A jury has convicted former state Assembly Speaker Sheldon Silver, finding him guilty of all seven counts alleged in the federal indictment, Monday afternoon.
The 71-year-old Silver was convicted of multiple charges, including counts of honest services fraud, extortion and money laundering.
Prosecutors detailed two schemes that they say show Silver using his position and influence for personal financial gain of a total of more than $4 million.
In one arrangement, he was convicted of directing state funding to a medical clinic associated with Columbia University in exchange for patient referrals to a law firm where he was employed. Silver was then paid by the law firm.
"Today, justice was served," said Governor Andrew Cuomo in a statement. "Corruption was discovered, investigated, and prosecuted, and the jury has spoken. With the allegations proven, it is time for the Legislature to take seriously the need for reform. There will be zero tolerance for the violation of the public trust in New York."
Silver was also convicted of directing a powerful real estate company to use a different, smaller law firm for tax work. Silver was then paid referral fees by that firm.
“Today’s verdict is a reminder that the public good must be the only priority for elected officials," Mayor Bill de Blasio said in a statement after the verdict was released. "The people of New York expect and deserve better.”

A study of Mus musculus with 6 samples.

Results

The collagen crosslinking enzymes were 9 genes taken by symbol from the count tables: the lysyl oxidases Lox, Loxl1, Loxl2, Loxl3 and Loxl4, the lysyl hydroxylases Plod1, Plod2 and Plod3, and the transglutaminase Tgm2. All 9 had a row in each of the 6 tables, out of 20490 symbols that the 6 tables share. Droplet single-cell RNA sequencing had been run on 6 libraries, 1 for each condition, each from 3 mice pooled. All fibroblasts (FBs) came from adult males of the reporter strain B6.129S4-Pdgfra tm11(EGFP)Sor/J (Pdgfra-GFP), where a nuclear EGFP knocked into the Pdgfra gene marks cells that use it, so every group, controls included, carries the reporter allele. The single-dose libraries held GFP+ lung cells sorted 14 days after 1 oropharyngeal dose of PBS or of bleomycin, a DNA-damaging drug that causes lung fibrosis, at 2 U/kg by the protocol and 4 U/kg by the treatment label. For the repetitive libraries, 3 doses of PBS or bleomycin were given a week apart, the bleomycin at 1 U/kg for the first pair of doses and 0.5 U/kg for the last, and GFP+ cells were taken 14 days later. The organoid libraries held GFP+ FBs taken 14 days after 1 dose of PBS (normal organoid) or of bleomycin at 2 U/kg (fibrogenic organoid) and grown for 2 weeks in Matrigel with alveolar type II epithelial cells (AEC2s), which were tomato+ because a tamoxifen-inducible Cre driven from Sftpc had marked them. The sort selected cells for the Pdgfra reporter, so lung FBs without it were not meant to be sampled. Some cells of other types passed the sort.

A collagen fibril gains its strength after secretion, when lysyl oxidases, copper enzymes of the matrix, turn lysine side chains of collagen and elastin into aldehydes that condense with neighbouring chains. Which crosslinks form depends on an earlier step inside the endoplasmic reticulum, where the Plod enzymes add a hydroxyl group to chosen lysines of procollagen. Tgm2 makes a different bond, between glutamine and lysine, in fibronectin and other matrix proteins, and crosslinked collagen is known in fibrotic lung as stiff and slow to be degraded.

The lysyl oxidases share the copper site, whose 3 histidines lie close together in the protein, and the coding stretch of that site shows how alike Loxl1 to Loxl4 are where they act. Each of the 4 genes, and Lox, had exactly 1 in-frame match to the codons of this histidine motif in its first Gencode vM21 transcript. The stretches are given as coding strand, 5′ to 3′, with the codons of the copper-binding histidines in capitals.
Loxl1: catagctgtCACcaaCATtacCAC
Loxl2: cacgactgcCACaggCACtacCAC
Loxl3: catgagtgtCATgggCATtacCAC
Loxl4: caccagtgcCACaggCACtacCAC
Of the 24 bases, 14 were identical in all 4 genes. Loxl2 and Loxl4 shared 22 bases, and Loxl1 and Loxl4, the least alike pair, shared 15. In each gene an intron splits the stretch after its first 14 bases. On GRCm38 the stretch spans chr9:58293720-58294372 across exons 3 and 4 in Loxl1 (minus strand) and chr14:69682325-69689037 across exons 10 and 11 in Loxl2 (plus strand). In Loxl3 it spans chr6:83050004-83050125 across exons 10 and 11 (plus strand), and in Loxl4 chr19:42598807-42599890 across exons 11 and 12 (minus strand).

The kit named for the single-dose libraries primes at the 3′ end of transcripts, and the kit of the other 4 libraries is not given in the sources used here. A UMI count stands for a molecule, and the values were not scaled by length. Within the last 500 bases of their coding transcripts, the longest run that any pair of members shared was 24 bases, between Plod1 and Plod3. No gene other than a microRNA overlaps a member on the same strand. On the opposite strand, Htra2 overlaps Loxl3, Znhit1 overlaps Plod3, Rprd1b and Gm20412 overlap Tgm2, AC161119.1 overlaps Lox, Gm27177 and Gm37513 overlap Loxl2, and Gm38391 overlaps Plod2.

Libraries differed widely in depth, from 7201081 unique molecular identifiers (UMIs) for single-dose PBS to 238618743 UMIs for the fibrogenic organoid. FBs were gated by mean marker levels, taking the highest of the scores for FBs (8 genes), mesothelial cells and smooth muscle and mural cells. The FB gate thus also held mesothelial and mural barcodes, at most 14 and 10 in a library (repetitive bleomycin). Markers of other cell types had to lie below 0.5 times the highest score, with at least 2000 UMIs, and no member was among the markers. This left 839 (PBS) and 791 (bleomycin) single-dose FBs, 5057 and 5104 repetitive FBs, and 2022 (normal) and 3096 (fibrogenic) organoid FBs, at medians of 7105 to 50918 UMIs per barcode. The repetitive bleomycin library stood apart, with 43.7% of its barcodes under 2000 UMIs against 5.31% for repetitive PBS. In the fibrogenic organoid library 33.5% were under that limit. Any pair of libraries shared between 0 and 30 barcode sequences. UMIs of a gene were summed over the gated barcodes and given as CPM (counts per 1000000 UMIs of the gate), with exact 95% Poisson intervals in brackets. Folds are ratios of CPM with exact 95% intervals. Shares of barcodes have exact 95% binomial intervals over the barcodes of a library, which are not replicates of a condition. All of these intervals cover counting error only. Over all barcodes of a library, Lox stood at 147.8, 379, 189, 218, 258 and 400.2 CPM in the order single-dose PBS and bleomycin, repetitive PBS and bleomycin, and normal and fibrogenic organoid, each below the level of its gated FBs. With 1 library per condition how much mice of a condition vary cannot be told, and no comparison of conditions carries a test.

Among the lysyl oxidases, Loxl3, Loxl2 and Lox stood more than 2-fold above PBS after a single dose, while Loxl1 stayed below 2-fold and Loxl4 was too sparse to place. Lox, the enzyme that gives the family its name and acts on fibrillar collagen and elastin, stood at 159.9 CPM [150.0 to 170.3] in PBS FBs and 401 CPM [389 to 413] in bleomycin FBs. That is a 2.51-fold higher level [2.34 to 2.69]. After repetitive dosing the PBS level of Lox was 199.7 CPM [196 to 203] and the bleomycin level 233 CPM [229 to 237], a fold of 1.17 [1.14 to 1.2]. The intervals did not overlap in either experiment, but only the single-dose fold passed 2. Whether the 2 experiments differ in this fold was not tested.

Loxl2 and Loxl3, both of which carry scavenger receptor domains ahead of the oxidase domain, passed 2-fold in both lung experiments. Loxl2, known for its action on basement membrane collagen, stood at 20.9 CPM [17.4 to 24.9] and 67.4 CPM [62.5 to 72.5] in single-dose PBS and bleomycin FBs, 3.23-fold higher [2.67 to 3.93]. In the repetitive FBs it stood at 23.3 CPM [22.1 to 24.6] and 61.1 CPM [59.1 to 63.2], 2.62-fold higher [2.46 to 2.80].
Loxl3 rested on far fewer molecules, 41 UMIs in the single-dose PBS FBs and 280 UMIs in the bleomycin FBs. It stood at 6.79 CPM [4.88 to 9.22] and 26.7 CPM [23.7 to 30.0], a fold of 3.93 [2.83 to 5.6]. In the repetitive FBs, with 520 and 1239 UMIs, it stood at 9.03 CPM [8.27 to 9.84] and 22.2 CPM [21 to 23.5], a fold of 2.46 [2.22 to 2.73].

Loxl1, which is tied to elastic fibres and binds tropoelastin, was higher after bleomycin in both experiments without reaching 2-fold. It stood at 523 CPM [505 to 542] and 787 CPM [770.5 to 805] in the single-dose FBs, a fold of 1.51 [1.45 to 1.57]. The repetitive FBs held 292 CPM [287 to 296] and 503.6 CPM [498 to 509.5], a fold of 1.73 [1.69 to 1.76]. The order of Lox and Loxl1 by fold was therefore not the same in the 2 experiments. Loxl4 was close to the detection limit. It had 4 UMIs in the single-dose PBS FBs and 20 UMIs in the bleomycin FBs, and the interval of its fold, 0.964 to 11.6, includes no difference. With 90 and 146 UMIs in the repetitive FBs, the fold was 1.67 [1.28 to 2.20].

Throughout the case, Silver’s defense team repeatedly maintained that no actual law was broken.
The assemblyman has represented parts of the Lower East Side since he was first elected in 1976.
He served as Assembly speaker from 1994 through this past January, when he was forced to step aside, although he has held onto his seat in the legislature.
In a statement, United States Attorney for New York's Southern District, Preet Bharara said:
"Today, Sheldon Silver got justice, and at long last, so did the people of New York."
Current Assembly Speaker Carl Heastie said he was "deeply saddened," by the events that led to Silver's conviction. In a statement issued after the jury reached its verdict, Heastie vowed to continue fighting corruption in Albany. The statement from the current Assembly Speaker read in part:
"Words simply aren't enough. We will continue to work to root out corruption and demand more of elected officials when it comes to ethical conduct. The Assembly Majority remains committed to exploring ideas and implementing reforms to restore trust in our government."
Now that he's been convicted, Silver must leave his seat. He will also face up to 20 years in prison, when he is sentenced.